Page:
Tuesday, February 16, 2016

Attaining a 4-Year College Degree: Another clear measure of poverty in schools

The State of Michigan made a little splash recently when it released data from every high school and district on College Progression by Graduating Class going back to the high school Class of 2008. It provides some interesting data that is far better at generating questions than it is providing answers.

MLive decided it could use a smidgeon of the data to generate more advertising dollars by creating one of it's cute little slide shows highlighting the alleged top 48 high schools where at least 60% of the graduates from the Class of 2008 completed a four-year degree.

Of course because MLive is primarily interested in advertising dollars and does little these days to investigate anything below the surface, it failed to use readily available data such as percent of child poverty, English language learners, or special education in a school district to tell the larger story of how each can correlate to academic success.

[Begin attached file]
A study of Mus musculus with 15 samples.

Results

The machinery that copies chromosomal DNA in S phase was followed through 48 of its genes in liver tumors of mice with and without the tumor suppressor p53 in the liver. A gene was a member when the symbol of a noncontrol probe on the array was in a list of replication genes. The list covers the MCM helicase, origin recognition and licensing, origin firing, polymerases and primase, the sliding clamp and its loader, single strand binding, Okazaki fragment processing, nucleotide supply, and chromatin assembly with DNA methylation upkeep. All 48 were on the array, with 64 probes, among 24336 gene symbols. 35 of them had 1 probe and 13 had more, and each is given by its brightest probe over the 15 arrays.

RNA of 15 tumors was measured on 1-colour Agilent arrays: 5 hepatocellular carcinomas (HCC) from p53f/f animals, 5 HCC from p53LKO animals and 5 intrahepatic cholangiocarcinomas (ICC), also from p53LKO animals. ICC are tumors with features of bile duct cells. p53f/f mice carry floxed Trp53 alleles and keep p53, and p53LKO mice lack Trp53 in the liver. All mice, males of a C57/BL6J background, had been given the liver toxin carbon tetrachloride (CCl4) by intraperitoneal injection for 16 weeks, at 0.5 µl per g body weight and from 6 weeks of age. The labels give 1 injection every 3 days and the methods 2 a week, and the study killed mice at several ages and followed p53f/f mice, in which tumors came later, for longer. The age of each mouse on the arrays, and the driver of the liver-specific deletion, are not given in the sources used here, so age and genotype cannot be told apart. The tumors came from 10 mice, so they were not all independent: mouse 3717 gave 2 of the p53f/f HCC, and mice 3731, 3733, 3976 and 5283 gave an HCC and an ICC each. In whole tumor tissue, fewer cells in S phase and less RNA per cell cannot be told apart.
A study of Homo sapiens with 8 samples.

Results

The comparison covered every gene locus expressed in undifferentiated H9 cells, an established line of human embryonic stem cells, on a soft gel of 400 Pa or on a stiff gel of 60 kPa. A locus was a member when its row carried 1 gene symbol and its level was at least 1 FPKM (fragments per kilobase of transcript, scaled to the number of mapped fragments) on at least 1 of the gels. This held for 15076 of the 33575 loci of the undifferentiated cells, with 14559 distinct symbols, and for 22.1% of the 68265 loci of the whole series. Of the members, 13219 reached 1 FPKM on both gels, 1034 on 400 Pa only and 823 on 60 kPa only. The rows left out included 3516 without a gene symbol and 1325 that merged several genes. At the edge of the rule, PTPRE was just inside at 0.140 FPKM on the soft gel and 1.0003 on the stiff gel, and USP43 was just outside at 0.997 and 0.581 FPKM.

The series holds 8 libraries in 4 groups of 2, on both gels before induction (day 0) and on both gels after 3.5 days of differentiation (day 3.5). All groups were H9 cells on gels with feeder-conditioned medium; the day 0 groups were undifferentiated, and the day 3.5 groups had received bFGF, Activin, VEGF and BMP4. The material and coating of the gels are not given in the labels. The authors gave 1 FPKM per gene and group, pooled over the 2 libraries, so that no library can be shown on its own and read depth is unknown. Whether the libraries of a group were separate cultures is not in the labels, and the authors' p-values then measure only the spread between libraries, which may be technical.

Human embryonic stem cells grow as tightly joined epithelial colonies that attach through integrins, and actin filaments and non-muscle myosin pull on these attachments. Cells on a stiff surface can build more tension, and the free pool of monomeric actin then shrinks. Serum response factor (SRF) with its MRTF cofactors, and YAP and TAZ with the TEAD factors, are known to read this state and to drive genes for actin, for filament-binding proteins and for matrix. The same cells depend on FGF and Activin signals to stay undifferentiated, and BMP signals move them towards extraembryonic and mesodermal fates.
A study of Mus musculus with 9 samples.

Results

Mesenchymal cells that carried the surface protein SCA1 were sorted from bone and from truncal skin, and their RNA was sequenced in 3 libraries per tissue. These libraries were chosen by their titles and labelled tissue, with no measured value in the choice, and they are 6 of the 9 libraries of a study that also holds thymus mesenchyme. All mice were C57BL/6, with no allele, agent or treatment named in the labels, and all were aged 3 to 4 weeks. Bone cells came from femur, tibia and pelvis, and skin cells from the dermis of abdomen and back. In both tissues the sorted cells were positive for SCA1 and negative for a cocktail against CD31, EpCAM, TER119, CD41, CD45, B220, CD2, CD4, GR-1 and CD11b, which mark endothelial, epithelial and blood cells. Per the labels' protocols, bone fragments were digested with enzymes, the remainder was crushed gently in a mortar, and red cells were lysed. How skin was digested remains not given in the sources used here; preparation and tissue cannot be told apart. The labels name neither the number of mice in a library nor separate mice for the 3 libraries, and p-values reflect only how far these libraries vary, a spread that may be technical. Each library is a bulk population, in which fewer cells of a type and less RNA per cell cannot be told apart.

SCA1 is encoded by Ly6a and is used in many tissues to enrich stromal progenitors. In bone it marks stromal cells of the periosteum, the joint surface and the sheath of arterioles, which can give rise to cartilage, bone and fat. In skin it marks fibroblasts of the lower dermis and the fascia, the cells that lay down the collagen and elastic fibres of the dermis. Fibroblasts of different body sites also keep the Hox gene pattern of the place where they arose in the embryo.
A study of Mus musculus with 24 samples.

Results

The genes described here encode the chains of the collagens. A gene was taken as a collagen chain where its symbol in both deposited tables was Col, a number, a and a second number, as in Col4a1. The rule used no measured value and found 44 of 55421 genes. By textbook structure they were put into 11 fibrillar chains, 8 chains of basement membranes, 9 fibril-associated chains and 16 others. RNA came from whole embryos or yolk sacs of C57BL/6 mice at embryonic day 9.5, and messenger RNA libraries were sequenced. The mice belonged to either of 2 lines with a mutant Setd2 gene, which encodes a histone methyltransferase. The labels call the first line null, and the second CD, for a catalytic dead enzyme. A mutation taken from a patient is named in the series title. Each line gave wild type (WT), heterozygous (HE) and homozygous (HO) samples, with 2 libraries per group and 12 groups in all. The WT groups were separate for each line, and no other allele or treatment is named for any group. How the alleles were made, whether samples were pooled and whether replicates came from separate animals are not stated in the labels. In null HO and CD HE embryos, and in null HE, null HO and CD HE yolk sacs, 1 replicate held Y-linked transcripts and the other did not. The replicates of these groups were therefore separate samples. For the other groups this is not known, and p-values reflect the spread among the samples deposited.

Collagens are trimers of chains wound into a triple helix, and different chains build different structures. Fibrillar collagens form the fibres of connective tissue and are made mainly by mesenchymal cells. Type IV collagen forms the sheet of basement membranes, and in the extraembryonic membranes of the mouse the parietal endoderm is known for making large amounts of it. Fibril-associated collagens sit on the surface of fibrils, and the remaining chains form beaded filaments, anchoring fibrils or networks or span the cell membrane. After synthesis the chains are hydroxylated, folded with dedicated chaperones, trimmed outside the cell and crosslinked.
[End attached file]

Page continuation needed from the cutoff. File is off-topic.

In the chart below you get the rest of the story, at least as it pertains to members of a district's graduating class of 2008 and the percentage that attained a four-year degree as it correlates to the percentage of children ages 5-17 in that school district growing up in federally-defined poverty (U.S. Census Bureau, SAIPE, December 2014).

Each diamond represents a traditional Michigan public school district.

Oh, look! The state has spent even more taxpayer dollars accumulating data that continues to demonstrate poverty is the number one indicator of low educational attainment. Wow, imagine that. Of course, this has already been demonstrated time and time again with ACT, SAT and the Michigan MME (now M-STEP) assessments. I wonder what our high poverty districts could have done with those tax dollars instead?

Here are several resources that provide the backstory to this data.